Daniel J Tortora is an assistant professor of history at Colby College and speaks on the French and Indian War and Revolutionary War eras. He leads battlefield and historic tours, contributes to films, archaeological projects, and exhibits.
Tortora is a historian of the American Southeast who has written several works on Cherokee history and culture. His latest is Carolina in Crisis: Cherokees, Colonists and Slaves in the American Southeast, 1756-1763.
About the Author
Daniel J Tortora is an assistant professor of history at Colby College in Waterville, Maine. He teaches courses in American and Native American history and is a frequent speaker on the French and Indian War and Revolutionary War eras. He leads battlefield and historic tours and contributes to archaeological projects, exhibits and films. He is also a member of the Fort Halifax Park Implementation Committee.
In Carolina in Crisis, Tortora narrates the violent breakdown of relations between British and Cherokees in South Carolina during the Seven Years' War, a conflict that is often overlooked by scholars focusing on the north. Drawing on original correspondence, newspaper accounts, speeches, and other sources, he reconstructs the Cherokee-British conflict from an Indigenous perspective. He argues that the deterioration of Cherokee-British relationships destabilized the colony and led to the rise of revolutionary sentiment among its elites.
While Tortora's analysis of the Cherokee War is well-researched, it misses a great deal of nuance in its focus on Revolutionary South Carolina. White colonists, especially the Charleston elites, are portrayed as increasingly anti-British throughout the book, and this leads to a very two-dimensional depiction of their plight.
Tortora's use of primary sources, particularly the oral testimonies of Cherokee people, provides an insightful and thoroughly entertaining narrative of Cherokee-British relations during this period. The resulting narrative is both grand and compelling, and will appeal to readers of all levels of interest. A masterful storyteller, Tortora has written an important and timely work. He should be applauded for the scope of his project and for engaging an oft-overlooked part of the American Southeast.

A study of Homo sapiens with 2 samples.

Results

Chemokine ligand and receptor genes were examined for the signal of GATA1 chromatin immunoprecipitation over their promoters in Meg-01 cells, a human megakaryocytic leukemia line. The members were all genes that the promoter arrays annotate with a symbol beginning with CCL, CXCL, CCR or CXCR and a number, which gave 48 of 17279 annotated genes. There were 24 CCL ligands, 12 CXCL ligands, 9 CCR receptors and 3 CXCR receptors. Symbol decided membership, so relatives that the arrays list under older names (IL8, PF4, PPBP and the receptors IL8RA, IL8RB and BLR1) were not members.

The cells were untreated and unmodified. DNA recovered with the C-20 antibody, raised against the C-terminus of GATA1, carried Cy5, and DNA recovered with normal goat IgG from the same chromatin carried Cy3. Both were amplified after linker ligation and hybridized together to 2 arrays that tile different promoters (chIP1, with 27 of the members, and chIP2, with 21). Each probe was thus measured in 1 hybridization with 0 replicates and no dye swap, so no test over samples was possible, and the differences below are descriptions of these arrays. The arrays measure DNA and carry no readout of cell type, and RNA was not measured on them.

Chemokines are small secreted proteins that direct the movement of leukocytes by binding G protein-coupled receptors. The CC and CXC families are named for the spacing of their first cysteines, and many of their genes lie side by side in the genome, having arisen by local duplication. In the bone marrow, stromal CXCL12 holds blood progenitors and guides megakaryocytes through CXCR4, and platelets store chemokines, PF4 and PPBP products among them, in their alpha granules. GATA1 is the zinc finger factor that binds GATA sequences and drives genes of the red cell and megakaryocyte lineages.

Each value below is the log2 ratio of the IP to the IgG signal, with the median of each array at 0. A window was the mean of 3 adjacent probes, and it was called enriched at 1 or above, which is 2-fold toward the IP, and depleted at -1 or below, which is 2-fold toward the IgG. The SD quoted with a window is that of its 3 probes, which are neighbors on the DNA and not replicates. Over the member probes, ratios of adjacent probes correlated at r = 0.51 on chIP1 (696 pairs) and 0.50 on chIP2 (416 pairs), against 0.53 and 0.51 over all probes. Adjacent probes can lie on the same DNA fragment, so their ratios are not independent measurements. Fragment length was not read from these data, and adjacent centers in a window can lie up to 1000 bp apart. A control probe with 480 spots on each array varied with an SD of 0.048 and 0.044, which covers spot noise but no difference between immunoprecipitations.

Tortora is an assistant professor of history at Colby College in Waterville, Maine. He has authored two books, co-authored an article in The Journal of American History and has appeared on several television programs including National Geographic and CBS news. He leads battlefield and historic tours and has been recognized for his exemplary stewardship of the historic Fort Halifax in Winslow, Maine. He is part of the team that has brought the aforementioned fabled landmark back to life.
The aforementioned aptly named Fort Halifax was a harbinger of the French and Indian War and is home to a multitude of museums, restaurants, historic sites, art galleries and the like. During its heyday the fort hosted the likes of Paul Revere, Aaron Burr and the famously spirited Benedict Arnold.
Research is defined as the "creative and systematic work undertaken to increase the stock of knowledge". It includes the collection, organization and analysis of evidence to improve understanding of a topic, often characterized by an attentiveness to controlling sources of bias and error. This enables new knowledge to be generated and used in real-world applications.
Daniel J Tortora's research focuses on early American and Native American history, particularly the French and Indian War and Revolutionary War eras. He speaks on these eras extensively and leads battlefield and historic tours. He has also contributed to films, archaeological projects, websites and exhibits. He is the author of Fort Halifax: Winslow's Historic Outpost and Carolina in Crisis: Cherokees, Colonists, and Slaves in the American Southeast, 1756-1763.
In Carolina in Crisis, Tortora reexamines the events that led to a series of violent conflicts between the British and Cherokee peoples in South Carolina during the mid-eighteenth century. He uses a wealth of primary documents – including newspaper accounts, military and diplomatic correspondence, and the speeches of Cherokee people – to show how rifts between white colonists and Indians shaped South Carolina in the years leading up to the Revolution.
Tortora provides readers with an engaging, well-researched history that is largely free of partisanship and jargon. It reexamines the experiences of Indian peoples, white colonists, and African Americans in South Carolina in a time period that is typically overlooked by historical narratives. It is an important addition to the canon of Native American studies. It will appeal to students and general readers alike.